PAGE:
Hippo Manchester
August 18, 2005


By Amy Diaz

John Singleton directs and Mark Wahlberg stars in the uneven but moderately entertaining Detroit western Four Brothers.

And if any town was ever perfectly cast as a lawless, live-by-the-gun town, it’s Detroit. The burned-out and crumbling landscape accentuates the look and feel of a place where justice and vengeance are the same thing and neither is to be had from the official law enforcement. This atmosphere also accentuates the rather standard Western white hat/gray hat/black hat formula that the movie’s going to use. There will be one purely good character (Evelyn Mercer, played by Fionnula Flanagan), a few purely bad characters (led by Victor Sweet, played by Chiwetel Ejiofor) and our heroes will be gray-hat wearing vigilantes who walk outside the law but have good intentions.

Simplistic? Yeah, but the construction of these character types is done relatively well, considering.  And it allows for lots of scenes of Wahlberg kicking ass. A little violence always helps to keep a film like this humming.

What with all the face-poundings and the natural Wahlberg look of unease (perhaps stemming from the fact that he knows that we’ve all seen him in his underwear), our buddy Mark is the perfect person to play Bobby Mercer, king of the gray hats. Bobby — like his brothers Angel (Tyrese), Jerimiah (Andre 3000) and Jack (Garrett Hedlund) — was once a foster kid with behavioral problems so serious no one would adopt him except the big-hearted Evelyn Mercer. Evelyn had something of a reputation for saving lost causes and was such a beloved figure that it truly shocks and horrifies the city of Detroit when she is gunned down in an apparent convenience-store robbery. And it’s the “apparent” part that has Bobby and his brothers flexing their muscles and talking about vengeance. They don’t believe that the police, even former Friend of Evelyn Lt. Green (Terrence Dashon Howard), have the will or the ability to find the real perpetrators. After all, the brothers are on the case only a short while before they figure out that the robbery is just a cover for their mother’s execution and that local thug Victor Sweet is probably the one who ordered the hit.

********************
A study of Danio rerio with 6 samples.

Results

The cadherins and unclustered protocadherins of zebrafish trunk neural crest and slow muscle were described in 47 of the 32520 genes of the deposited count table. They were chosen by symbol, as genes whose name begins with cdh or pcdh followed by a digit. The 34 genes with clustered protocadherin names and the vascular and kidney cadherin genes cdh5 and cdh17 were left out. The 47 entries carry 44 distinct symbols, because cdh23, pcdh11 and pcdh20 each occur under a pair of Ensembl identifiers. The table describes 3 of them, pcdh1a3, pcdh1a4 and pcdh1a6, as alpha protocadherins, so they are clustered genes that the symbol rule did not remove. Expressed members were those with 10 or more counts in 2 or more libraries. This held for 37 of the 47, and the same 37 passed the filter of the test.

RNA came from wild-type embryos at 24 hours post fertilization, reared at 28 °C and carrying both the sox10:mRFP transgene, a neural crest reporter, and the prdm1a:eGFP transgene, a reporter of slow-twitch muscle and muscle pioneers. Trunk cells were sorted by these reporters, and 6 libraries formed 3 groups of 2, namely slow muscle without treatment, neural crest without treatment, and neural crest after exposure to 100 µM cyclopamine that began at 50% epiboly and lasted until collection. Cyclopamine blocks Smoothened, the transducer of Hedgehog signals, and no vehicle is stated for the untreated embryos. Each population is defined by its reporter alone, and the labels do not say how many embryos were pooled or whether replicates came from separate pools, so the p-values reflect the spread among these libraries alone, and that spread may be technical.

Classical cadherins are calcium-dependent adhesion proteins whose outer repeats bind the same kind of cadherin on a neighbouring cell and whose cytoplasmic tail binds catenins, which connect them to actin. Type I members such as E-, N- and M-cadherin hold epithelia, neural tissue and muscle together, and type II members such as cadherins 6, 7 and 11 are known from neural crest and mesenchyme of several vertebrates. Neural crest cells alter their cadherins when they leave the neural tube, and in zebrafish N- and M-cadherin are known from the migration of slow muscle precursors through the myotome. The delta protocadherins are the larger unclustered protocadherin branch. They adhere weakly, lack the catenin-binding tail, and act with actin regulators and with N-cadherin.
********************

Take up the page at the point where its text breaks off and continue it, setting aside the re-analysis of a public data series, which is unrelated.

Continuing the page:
The gap between figuring this part out and the final smackdown is probably about 45 minutes long — time filled with fight scenes that are well-staged but largely unnecessary to the story, side plots that lead nowhere and some really clunky dialogue. The swearing and tough guy talk feels as though it was written by someone who’s never uttered anything stronger than an “oh, darn” and isn’t completely sure how to put insults and profanity together.

What saves the movie from being a complete throwaway are the acting skills of Howard and Wahlberg and the smart directing on the part of John Singleton. Taking mediocre components and building something far superior than the sum of their parts is a very rare skill; most directors cannot overcome lousy dialogue and a too-simple plot. But Singleton is able to get us through the rough spots without making the movie feel like a chore to sit through.

Four Brothers isn’t worth paying to see at a theater but when you run across it on HBO some lonely Saturday night a few months from now if your expectations are low, it will provide you with two reasonably entertaining hours of escapism.